A lot of customers ask us about the presence of VOCs (Volatile Organic Compounds) in carpeting. And it’s a very fair question. Nobody wants to invite anything volatile into their home, especially in a space that invites everyone to lay directly on it. This is one of the many reasons why we recommend natural materials like wool, sisal, jute, and tencel. Because these are natural materials, there is very little concern about VOCs like petroleum or asbestos. Additionally, this is also the reason why we never recommend moving into a home with existing carpeting. There’s just no way of telling what material it is or how it was maintained by the previous owners. The only way to ensure a clean living environment is by replacing your old carpet with something new and natural like wool.
Here’s What Homeowners Need to Know About Asbestos In Carpet:
Winter is the perfect time to install and repair your carpet, but if you live in an older home, this project can expose you to a dangerous material that you may not even know is there — asbestos. Here is everything you need to know about the presence of asbestos in your carpet, as well as how to keep you and your family safe.
What is Asbestos?
Asbestos is a naturally occurring mineral that was a popular building material around the world due to its durability, strength, and resistance to heat and sound. However, it was soon discovered that this versatile substance caused severe health effects over time. Breathing in asbestos fibers can cause a number of diseases, including asbestosis, lung cancer, and mesothelioma. Symptoms of being exposed to asbestos often don’t emerge until decades later, so it’s critical to reduce exposure to prevent developing cancer.
Although there are laws that prohibit its use in new construction, many older homes still contain asbestos, putting millions of people at risk of developing life-threatening diseases if they aren’t aware that they’re in the presence of asbestos.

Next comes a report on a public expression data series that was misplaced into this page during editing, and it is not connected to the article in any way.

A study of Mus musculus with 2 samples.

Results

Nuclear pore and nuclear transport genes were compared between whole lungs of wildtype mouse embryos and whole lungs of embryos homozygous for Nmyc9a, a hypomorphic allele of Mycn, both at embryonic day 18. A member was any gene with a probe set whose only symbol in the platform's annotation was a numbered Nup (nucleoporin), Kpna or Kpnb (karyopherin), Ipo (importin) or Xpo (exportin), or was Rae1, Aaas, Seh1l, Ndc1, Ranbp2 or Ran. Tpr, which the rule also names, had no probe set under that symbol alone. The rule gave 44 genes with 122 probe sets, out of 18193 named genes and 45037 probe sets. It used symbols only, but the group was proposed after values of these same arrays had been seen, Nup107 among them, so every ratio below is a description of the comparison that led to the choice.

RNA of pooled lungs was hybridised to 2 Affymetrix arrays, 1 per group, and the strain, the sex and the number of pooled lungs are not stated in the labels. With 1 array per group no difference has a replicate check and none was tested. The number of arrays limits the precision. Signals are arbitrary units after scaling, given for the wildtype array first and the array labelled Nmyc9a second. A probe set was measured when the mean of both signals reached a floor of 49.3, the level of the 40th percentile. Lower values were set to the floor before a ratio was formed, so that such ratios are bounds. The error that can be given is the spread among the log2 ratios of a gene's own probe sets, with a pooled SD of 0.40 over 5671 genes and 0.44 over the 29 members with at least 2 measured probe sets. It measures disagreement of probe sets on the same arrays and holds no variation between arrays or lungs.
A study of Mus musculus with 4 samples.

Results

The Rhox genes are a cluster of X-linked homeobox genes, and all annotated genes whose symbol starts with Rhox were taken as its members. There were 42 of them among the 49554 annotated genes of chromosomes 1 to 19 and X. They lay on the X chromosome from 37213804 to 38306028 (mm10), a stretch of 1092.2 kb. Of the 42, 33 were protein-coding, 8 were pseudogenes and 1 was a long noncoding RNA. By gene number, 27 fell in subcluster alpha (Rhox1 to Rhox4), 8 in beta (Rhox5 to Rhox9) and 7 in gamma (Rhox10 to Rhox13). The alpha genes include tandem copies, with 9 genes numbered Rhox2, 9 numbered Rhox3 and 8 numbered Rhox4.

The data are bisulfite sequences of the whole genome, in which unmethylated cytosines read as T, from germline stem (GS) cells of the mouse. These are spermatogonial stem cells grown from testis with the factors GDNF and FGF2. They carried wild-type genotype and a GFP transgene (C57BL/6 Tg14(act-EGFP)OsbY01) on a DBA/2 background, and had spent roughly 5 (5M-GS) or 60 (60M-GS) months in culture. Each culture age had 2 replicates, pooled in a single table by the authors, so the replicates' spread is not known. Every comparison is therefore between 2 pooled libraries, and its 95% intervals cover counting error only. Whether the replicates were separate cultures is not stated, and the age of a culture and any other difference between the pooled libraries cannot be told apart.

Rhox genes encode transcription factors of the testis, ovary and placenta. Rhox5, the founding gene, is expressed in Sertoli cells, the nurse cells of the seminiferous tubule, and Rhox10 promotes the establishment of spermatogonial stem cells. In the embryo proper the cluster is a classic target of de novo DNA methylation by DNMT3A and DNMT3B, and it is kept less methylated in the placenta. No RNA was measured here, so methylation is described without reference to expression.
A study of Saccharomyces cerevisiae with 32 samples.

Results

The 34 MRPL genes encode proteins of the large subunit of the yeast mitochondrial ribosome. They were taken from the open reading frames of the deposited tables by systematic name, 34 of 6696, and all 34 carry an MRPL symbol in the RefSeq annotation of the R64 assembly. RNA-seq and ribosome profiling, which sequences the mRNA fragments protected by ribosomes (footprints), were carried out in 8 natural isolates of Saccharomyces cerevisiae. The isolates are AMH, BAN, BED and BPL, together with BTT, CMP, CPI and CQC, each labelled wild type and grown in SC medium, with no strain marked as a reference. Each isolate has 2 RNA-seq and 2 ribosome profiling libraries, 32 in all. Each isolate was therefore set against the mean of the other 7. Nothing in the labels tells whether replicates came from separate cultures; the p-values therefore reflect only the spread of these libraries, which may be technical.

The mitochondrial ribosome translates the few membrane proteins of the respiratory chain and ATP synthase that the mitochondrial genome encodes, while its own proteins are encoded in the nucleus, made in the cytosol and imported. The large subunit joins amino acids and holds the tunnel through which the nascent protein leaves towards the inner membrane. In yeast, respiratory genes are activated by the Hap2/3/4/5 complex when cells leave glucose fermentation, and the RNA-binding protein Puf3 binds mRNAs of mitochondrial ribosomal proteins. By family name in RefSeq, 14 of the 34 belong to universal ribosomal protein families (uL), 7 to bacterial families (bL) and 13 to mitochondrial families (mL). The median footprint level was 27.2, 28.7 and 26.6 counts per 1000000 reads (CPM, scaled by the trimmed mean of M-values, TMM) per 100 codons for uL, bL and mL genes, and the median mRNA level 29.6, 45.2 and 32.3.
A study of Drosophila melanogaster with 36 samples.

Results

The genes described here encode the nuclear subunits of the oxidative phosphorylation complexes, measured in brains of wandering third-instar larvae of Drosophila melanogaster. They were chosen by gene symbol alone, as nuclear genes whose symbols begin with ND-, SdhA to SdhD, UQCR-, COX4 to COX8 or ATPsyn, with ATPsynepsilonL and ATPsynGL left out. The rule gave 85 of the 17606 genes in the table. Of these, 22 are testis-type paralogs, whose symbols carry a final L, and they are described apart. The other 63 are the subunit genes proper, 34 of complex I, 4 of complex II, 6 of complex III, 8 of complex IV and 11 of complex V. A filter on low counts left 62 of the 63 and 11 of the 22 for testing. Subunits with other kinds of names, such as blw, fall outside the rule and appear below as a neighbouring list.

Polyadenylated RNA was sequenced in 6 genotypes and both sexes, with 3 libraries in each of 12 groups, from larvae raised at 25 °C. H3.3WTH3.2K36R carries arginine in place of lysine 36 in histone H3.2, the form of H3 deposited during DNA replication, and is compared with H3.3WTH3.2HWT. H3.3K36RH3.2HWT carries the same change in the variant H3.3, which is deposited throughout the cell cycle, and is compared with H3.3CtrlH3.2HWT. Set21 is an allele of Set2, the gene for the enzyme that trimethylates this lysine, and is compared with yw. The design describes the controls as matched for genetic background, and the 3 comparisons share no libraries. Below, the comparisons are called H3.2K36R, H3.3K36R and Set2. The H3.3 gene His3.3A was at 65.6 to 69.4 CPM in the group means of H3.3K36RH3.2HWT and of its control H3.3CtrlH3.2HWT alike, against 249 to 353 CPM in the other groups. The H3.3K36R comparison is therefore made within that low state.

Where Is Asbestos Found In Carpet?
In the 60s and 70s asbestos use was at an all-time high. Despite manufacturers starting to know of the health risks, millions of homes were built using asbestos-containing materials (ACMs) to prevent the spread of fires, control noise, and insulate the home. To this day, over half of the houses in the U.S. still contain asbestos in various areas.
While carpets were not directly produced with asbestos, carpets were made using recycled hessian bags. Hessian bags were bags that were constructed with wool, jute, and goat hair, and were used to transport asbestos from mines, as well as other materials. These bags were recycled to create carpet underlays. It is likely that the shredding process used to prepare the bags got rid of most of the asbestos; however, there is still a risk of contamination that homeowners should be aware of.
Carpet glues may also be a culprit of asbestos. Asbestos glues were used to securely seal carpets to the floor and prevent curling and lifting. You can sometimes identify asbestos glue by its color — which can be yellow, tan, or brown — but this is not a foolproof identifier. Instead of guessing, it is a safer bet to have any unknown glues tested by a reputable company. Luckily the asbestos used in glues and adhesives is non-friable, which means that there is a low risk that it will become airborne if it is left undisturbed.
Additionally, the floor underneath the carpet may be contaminated with asbestos as well. Asbestos floor tiles were heavily used in homes during this time, and most of them were glued using an asbestos adhesive. If your home has vinyl or asphalt floor tiles that were put in during this time, they could have been constructed with up to 70% asbestos.
Although asbestos is dangerous, these ACMs do not pose an immediate threat to your health as long as the asbestos stays tightly contained in the material. You can safely vacuum and clean these carpets as normal without worry. However, asbestos fibers can be released into the air if your carpet or the floor underneath it begins to tear, fray, or if you choose to remove the carpet.
How to Remove Asbestos From Carpet
It is in your best interest to consult a professional whenever you want to work on your carpet, especially if you suspect asbestos may be present. Handling ACMs yourself can significantly increase the chances of asbestos fibers becoming airborne and contaminating your home. It is difficult to identify when you’re dealing with the mineral, so you should not assume that your carpet is asbestos-free just by looking at it.
If your carpet was installed before 1980, you should have your carpets inspected by a licensed asbestos professional before you start any renovations or repairs. Doing these steps will help ensure that your risk of developing an asbestos-related disease is low.